February 4, 2023

Asia’s stockpickers struggle in vintage year for big picture hedge funds By Reuters

Asia's stockpickers struggle in vintage year for big picture hedge funds


© Reuters. FILE PHOTO: People pass by an electronic screen showing Japan’s Nikkei share price index inside a conference hall in Tokyo, Japan June 14, 2022. REUTERS/Issei Kato

By Summer Zhen and Xie Yu

HONG KONG (Reuters) – Asia’s hedge funds are heading for their worst showing in a dozen years, with long-short stockpickers wrongfooted by volatility in China, while macro strategy funds riding big global shifts in interest rates shine.

China is loosening its rigid COVID-19 movement and testing controls, but the unpredictable impact of Beijing’s drive to reduce economic inequality and President Xi Jinping’s consolidation of power are among factors dragging on the performance of high-flying managers with long China positions.

The Asia market was broadly weak — index provider MSCI’s benchmark China index was down about 27% for this year to the end of November and its Asia ex-Japan index down almost 20%.

On average, Asian hedge funds fared better than the indexes, losing 9.1% through to end-November, Eurekahedge data showed.

If the trend continues, it would make for the worst annual performance since 2008. By strategy, Asia equity long-short funds lost 12% and Greater China long-short funds lost 14%, while Asia macro funds rose 12% and Asia multi-strategy rose 1%.

Past performance is no guarantee of future returns, as the disclaimer goes. The year has vividly illustrated how difficult stockpicking has been and the forces driving allocation decisions this year are lingering into 2023.

“The issue is that the market, so far, hasn’t put much value on fundamentals,” said Patrick Ghali, managing partner of hedge fund advisory firm Sussex Partners.

“None can predict when the market will reward fundamentals again. It feels like until such time, traders may be a better option versus managers that are reliant on markets trading on fundamentals.”

GRAVITY BITES

Stellar performers have fallen back to earth as a triple whammy of rising global interest rates, regulatory scrutiny and uncertainty over how capitalism fits with China’s economic goals have driven its widely-held growth stocks such as electric vehicle, e-commerce and other internet companies to deep losses.

Aspex Management (HK) Ltd, which logged gains of 54%, 96% and 30% in the three years since its inception in 2019 hit a speed bump, with its $7.4 billion equity long-short fund down 9.8% for the 11 months to November, according to a document reviewed by Reuters and two people familiar with the matter.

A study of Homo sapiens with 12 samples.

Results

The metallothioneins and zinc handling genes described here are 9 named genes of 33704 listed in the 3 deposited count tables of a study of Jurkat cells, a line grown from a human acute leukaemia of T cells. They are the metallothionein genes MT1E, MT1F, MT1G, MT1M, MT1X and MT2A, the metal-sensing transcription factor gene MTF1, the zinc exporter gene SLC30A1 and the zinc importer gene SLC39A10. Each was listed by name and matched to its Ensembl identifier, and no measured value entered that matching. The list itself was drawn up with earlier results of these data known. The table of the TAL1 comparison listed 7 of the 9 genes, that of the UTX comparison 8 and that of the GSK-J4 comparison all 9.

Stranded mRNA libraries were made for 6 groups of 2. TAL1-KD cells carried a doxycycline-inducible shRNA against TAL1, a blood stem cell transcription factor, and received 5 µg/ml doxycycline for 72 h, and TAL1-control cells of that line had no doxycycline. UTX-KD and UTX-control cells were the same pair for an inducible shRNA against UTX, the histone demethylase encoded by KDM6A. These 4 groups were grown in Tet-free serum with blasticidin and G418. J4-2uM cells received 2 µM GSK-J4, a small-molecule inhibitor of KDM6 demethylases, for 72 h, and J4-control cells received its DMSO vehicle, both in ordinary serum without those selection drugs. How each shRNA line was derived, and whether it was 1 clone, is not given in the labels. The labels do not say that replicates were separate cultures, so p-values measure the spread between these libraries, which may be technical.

The long book, where top holdings included battered online retailers Alibaba (NYSE:) and Sea, lost around 40%. The fund, managed by Hermes Li – formerly of U.S. hedge fund Och-Ziff – declined to comment.

Singapore’s FengHe Group, founded by John Wu, the inaugural chief technology officer of Alibaba Group, saw its flagship FengHe Asia Fund lose 5% over the 11 months to November after a 27% gain in 2022, according to a document reviewed by Reuters.

FengHe did not respond to a Reuters’ query.

Zeal Asset Management in Hong Kong has its $148 million long-biased fund down 31% as of Dec. 2, according to a document and a person familiar with the results.

Zeal said the firm holds “a much more constructive outlook” for the China equity market in 2023 due to accommodative policies in both COVID-19 and real estate, low inflation pressure in China and the market’s historically low valuation.

EXITING TECH

Getting defensive on China, or at least getting out of the hard-hit technology sector, helped others.

“The old days of buying concept stocks or meme stocks are over,” said Wong Kok Hoi, chief investment officer at Singapore-based APS Asset Management, which runs $2.4 billion in assets.

APS’ offshore All China Long Short Fund fell 17%, while its onshore China long only fund was up 8% in yuan terms through November. Wong said he held a cautious view and has no exposure to internet platform or e-commerce stocks.

An even better performer, Hong Kong-based equity long-short Tairen Capital, earned a 15% return so far this year, according to people familiar with the results, mainly contributed by betting against tech stocks.

Its assets under management grew to nearly $6 billion from $5 billion in March 2022, one of the sources said. Tairen did not respond to a request for comment.

Big picture macro funds, which trade on economic and political shifts, also performed well, as U.S.-China tension and rising interest rates roiled financial markets.

Singapore-based Asia Genesis Asset Management’s flagship macro fund rose 15% for the first 11 months, mostly thanks to shorts on U.S. and Japanese stocks, according to the firm.

Long positions in U.S. government debt and the Singapore dollar also helped through November when many macro managers were caught out by a sudden drop in the U.S. dollar.

“Our nimble active trading approach has worked out well,” said Chief Investment Officer Soon Hock Chua. He expects similar volatile conditions in the year ahead, but welcomes that.

“Swinging range markets will be difficult for many but advantageous for active managers like us.”